The government needs to review tax policy to encourage investment in net zero projects, including specific tax breaks and capital allowances
The independent review of net zero, the Mission Zero report, is calling on the Treasury to review by the end of 2023 how tax policy incentivises investment in decarbonisation, including via the tax system and capital allowances.
The Department for Business (BEIS) and the Treasury also need to review how to incentivise greater research and development (R&D) for net zero, including considering the role of clarity on research priorities and government support, tax credits, greater ring-fencing of R&D spend, and enabling regulations.
The report also said that the Treasury should consider a successor to the super-deduction tax relief with a focus on increasing investment in low-carbon technologies as the super-deduction is due to end in March 2023.
The review criticised the approach of levying policy costs and taxes onto electricity bills keeps the price of electricity artificially high and can stifle the signal for the use of low-carbon technologies.
The 2023 consultation on the long-term tax treatment of the North Sea must include an option to create a hypothecated net zero fund.
Dependent on the response to the consultation, by the end of 2026, the Treasury should set out a long-term plan for replacing the energy profits levy with a ‘Net Zero Fund’ that clearly ringfences revenue for investment into clean offshore technologies and/or energy efficiency improvements.
‘The government should target easy to access, high leverage financial incentives: for example, tax relief for businesses using low carbon technologies in operations. Unlike R&D tax reliefs, the focus would be on the application of low carbon technologies that advance the net zero transition,’ said University of Derby Business School.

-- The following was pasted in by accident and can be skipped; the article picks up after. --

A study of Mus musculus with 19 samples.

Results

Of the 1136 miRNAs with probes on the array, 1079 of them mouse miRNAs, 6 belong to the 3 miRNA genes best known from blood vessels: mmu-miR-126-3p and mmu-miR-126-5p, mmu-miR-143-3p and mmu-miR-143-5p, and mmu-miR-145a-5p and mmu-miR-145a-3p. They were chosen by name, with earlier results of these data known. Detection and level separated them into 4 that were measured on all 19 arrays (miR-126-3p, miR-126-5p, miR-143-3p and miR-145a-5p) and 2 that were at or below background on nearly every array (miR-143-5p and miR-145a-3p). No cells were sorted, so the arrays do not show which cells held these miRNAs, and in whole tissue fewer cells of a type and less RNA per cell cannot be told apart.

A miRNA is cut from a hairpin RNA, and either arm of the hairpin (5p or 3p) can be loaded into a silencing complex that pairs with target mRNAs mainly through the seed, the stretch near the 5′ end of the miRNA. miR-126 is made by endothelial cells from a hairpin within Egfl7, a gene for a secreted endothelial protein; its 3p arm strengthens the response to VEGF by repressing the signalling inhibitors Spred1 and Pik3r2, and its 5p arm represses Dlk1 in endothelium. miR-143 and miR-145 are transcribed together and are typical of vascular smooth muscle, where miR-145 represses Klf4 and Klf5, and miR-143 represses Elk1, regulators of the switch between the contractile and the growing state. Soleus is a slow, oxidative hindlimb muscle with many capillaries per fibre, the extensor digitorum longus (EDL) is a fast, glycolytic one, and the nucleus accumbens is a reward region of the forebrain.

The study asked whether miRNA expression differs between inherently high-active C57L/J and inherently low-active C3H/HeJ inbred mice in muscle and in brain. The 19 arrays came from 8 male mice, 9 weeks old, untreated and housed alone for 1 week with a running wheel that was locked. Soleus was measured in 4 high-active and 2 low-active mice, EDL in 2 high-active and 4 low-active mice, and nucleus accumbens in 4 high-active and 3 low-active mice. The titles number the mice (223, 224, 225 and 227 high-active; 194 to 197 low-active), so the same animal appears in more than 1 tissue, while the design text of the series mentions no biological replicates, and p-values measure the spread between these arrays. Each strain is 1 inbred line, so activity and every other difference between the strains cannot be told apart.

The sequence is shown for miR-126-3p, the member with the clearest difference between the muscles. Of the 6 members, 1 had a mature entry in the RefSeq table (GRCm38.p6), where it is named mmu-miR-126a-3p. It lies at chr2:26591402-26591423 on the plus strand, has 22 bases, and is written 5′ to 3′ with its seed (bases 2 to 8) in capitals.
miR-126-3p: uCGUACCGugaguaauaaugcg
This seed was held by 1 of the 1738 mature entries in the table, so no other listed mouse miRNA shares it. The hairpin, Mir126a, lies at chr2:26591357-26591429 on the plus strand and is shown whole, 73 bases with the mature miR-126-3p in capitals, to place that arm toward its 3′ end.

In the UK, some tax measures are already in place to support the decarbonisation journey to net zero by influencing business and consumer decisions. These currently target the power sector via carbon price support, broader business energy efficiency via the climate change levy and climate change agreement joint incentives, and the waste sector via the plastic packaging tax, landfill tax and aggregates levy. A net zero tax audit would help to ensure that the taxes not defined as ‘environmental’ also support the transition.
Chair of the Net Zero Review, Chris Skidmore MP, said: ‘We should be proud of the lead the UK has taken in tackling climate change, having exceeded expectations so far in our race to net zero emissions by 2050. As essential as that is environmentally, it also puts us at an economic advantage globally.
‘In developing this report, we have engaged with communities, economists and climate experts from across the country through more than 50 roundtables and 1,800 submissions – all of which have led to the Mission Zero findings.’
The Mission Zero proposals include:
- backing business – reviewing incentives for investment in decarbonisation, including via the tax system, and launching a Help to Grow Green campaign offering information and advice to small businesses so they can plan ahead;
- backing local action – reforming the planning system to put net zero at its heart nationally and locally, and backing at least one Trailblazer Net Zero City, local authority and community that can work towards reaching net zero by 2030;
- delivering energy efficient homes – including legislating for the Future Homes Standard so that no new homes will be built with a gas boiler from 2025, adopting a 10-year mission to make heat pumps a widespread technology in the UK; and
- using infrastructure to unlock net zero – including developing a cross-sectoral infrastructure strategy by 2025 to support the building and adaptation for new green energy sources such as hydrogen to support the green economy.